If the stretch method cannot be used in a particular installation, and the fasteners must be installed by torque alone, there are certain factors that should be taken into account. ARP research has verified the following rules" pertaining to use of a torque wrench:
The friction factor changes from one application to the next. That is, the friction is at its highest value when the fastener is first tightened. Each additional time the fastener is torqued and loosened his value gets smaller. Eventually the friction levels out and becomes constant for all following repetitions. Therefore, new fasteners should be tightened and loosened through several cycles before applying final torque. The number of times depends on the lubricant. For all situations where ARP lubricants are used, five cycles are required before final torquing.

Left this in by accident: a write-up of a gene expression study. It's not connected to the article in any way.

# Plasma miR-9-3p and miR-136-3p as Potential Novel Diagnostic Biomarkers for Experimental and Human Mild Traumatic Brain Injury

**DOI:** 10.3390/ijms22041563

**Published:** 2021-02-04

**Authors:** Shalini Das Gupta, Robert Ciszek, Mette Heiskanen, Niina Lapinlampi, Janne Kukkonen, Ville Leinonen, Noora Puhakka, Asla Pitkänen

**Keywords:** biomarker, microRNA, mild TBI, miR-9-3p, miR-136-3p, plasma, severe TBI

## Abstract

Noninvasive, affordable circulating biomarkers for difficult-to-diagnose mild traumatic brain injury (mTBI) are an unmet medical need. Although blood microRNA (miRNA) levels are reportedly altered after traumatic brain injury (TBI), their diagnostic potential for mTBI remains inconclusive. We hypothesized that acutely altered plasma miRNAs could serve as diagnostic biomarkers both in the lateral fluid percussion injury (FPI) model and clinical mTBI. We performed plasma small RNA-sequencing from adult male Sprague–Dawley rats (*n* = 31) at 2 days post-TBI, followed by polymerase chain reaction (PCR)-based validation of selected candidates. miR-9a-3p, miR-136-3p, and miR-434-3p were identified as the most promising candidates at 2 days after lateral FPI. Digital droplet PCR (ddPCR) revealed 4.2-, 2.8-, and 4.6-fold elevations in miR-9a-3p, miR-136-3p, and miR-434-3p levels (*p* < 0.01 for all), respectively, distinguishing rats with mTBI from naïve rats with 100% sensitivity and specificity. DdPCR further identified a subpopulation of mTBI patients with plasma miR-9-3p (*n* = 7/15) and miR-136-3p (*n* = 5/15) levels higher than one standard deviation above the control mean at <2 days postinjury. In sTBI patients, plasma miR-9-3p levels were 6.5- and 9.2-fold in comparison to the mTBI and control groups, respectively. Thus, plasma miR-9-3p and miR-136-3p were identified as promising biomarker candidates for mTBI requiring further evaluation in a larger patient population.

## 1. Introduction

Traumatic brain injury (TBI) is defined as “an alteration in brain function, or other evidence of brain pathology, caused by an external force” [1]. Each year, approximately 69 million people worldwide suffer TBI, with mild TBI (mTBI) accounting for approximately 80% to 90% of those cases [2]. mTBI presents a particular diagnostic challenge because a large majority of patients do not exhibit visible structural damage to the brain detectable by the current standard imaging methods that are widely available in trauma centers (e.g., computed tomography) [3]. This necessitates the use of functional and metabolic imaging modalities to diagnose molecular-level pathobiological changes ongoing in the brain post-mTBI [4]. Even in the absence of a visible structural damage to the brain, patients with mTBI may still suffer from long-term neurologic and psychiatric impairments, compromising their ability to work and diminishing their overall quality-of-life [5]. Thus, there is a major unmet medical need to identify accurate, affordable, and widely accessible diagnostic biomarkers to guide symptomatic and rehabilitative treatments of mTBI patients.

The lubricant used is the main factor in determining friction, and therefore, the torque for a particular installation. Motor oil is a commonly used lubricant because of its ready availability. If less friction is desired in order to install the fasteners with less torque, special low friction lubricants are available. With special lubes, the required torque can be reduced as much as 20 to 30 percent. It is important to keep in mind that the reverse is also true. If the torque value has been specified for a particular fastener on the basis of low friction lube, installing the fastener with motor oil will result in insufficient preload; the torque has to be increased to compensate for the extra friction caused by the motor oil.
Surface finish is also important. For example, black oxide behaves differently than polished fasteners. It is therefore important to observe the torque recommendations supplied with each fastener.
NOTE: It is possible for even the most expensive of torque wrenches to lose accuracy. ARP has seen Fluctuations of as much as ten (10) foot pounds of torque from wrench to wrench. Please have your torque wrench checked periodically for accuracy.